WandaVision went old-school with this optical printer-inspired effect

How Framestore crafted the color blossoms.

At one point in WandaVision, the black and white television show starring Wanda and Vision turns to color.

This happens around the time that show appears to be set in the 1950s/1960s in episode 2, so the VFX team looked to replicate this ‘color blossoming’ with the kind of visual effects technology that might have been available at the time; an optical printer.

“The idea was that it could be something that you could have have done back then,” outlines production visual effects supervisor Tara DeMarco. “The stars were inspired by painting on film and the color wash and the color separation of that wash was based on the idea of running it through an optical printer with different channels, slightly separating, which helps it bloom into color.”

Framestore was behind the color blossom effect. “It was key for us to find the perfect balance of color distortion to emulate the texture of the period, while also incorporating some of the signature colors featured in the remainder of the series,” says Framestore visual effects supervisor Nick Tanner.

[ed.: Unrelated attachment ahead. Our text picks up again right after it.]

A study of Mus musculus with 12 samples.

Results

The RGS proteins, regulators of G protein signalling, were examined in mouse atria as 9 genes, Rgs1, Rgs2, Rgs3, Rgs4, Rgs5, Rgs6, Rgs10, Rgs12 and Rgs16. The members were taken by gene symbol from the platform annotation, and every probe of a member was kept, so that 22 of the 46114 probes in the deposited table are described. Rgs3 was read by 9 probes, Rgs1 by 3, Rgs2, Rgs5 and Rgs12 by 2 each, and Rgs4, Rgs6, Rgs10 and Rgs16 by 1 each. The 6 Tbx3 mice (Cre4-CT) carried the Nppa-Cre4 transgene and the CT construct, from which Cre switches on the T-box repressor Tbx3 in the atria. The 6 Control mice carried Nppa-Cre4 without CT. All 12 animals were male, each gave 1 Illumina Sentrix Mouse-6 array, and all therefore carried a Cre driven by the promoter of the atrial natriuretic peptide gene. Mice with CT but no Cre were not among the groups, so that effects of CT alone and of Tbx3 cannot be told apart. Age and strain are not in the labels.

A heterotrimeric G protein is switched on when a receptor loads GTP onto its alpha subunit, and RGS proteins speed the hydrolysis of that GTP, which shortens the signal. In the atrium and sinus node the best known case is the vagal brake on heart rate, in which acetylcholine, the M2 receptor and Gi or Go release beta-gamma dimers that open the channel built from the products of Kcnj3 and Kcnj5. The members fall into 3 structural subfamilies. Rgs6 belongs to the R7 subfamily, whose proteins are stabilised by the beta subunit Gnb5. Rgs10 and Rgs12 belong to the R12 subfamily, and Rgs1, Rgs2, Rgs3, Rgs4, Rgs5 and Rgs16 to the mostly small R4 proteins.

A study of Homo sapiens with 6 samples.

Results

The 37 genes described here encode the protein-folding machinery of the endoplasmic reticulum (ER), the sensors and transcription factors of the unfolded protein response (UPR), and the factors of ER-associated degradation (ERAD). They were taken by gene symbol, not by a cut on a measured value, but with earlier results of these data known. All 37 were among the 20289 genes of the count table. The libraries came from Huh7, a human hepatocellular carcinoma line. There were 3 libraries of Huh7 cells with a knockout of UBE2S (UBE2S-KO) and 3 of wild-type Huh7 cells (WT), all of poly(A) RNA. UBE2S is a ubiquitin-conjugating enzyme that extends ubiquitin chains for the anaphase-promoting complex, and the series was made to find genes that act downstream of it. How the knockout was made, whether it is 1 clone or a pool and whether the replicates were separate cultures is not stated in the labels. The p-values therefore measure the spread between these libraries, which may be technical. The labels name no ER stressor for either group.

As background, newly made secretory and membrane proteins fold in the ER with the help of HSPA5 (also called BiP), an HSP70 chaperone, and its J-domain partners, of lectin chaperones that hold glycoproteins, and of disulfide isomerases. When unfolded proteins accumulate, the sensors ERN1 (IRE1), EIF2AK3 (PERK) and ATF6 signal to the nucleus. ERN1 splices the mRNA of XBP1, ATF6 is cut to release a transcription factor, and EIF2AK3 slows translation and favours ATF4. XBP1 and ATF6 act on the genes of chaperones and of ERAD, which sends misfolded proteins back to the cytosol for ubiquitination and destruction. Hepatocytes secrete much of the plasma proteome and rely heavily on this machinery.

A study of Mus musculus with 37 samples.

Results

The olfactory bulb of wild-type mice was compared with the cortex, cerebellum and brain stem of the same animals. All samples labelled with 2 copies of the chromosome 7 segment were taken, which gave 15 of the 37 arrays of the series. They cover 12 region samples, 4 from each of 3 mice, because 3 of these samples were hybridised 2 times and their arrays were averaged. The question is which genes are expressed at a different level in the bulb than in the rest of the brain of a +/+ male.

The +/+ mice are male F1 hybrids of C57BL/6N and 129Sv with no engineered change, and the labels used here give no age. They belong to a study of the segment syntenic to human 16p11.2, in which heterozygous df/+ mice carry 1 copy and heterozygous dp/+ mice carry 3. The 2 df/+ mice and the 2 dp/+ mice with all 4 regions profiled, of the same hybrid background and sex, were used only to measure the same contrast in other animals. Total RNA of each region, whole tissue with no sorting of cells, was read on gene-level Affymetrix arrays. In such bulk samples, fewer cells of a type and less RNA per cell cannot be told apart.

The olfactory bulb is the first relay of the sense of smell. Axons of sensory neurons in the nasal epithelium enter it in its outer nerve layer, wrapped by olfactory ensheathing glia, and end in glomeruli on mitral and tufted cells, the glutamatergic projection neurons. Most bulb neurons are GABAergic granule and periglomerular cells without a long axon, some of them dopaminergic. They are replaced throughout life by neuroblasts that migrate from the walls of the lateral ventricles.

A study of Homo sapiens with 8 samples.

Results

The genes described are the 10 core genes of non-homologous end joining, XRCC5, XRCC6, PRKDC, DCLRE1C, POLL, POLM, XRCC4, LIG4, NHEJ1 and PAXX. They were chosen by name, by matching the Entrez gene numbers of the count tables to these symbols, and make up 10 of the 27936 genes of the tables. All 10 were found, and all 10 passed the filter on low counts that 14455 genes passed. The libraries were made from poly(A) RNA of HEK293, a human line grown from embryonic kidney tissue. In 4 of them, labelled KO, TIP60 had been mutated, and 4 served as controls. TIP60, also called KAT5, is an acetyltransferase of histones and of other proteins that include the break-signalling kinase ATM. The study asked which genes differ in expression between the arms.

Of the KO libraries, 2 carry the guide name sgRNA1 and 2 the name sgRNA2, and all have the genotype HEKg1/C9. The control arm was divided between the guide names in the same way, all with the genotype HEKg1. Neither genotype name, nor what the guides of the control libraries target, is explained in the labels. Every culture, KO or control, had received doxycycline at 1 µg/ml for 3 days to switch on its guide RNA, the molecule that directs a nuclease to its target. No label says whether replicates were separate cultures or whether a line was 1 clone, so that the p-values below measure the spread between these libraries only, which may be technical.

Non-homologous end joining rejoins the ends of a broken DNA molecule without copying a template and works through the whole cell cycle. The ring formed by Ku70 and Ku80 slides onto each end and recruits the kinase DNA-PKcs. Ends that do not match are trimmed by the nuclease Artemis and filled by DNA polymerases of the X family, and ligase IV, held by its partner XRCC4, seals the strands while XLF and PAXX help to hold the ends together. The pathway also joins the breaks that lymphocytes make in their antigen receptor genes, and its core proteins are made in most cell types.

“We emulated an optical printer, treating each color layer of film as if it had been shot through different distortion materials then recombined,” adds Tanner.

“We used 2D and 2D generated textures and synthesized it with additional chroma aberration effects, then added a particle pass in 3D, retiming the elements as if they had been animated ‘on twos.’ This traditional hand animation approach is what gave us the stuttery, irregular appearance resembling a show that would have been filmed during that time frame.”

Framestore was also behind a host of other VFX in the series, including several creatures. The most front-and-center of those was a life-sized stork.

“Building the CG stork that comes to life in episode 3 saw our team create an unmatched level of detail,” notes Framestore creative director and visual effects supervisor John Kilshaw, “down to the vein of each feather, so that when light hit each layer it allowed for an incredibly textural dynamic and sense of volume that went far beyond the surface in order to credibly bring the protected species to life.”

Framestore’s other VFX work for WandaVision involved creating the appearance of Agatha’s magic, for a moment that she has Wanda trapped in her hideaway.

Says Kilshaw: “We knew we wanted to capture that same air of retro, period authenticity seen throughout the season, while also factoring in the MCU canon and drawing inspiration from the look and feel of Scarlet’s magic. Our focus was on conjuring dark energy that coalesces out of the air around her while always staying connected to the natural world—and of course, making it as ominous and sinister as possible.”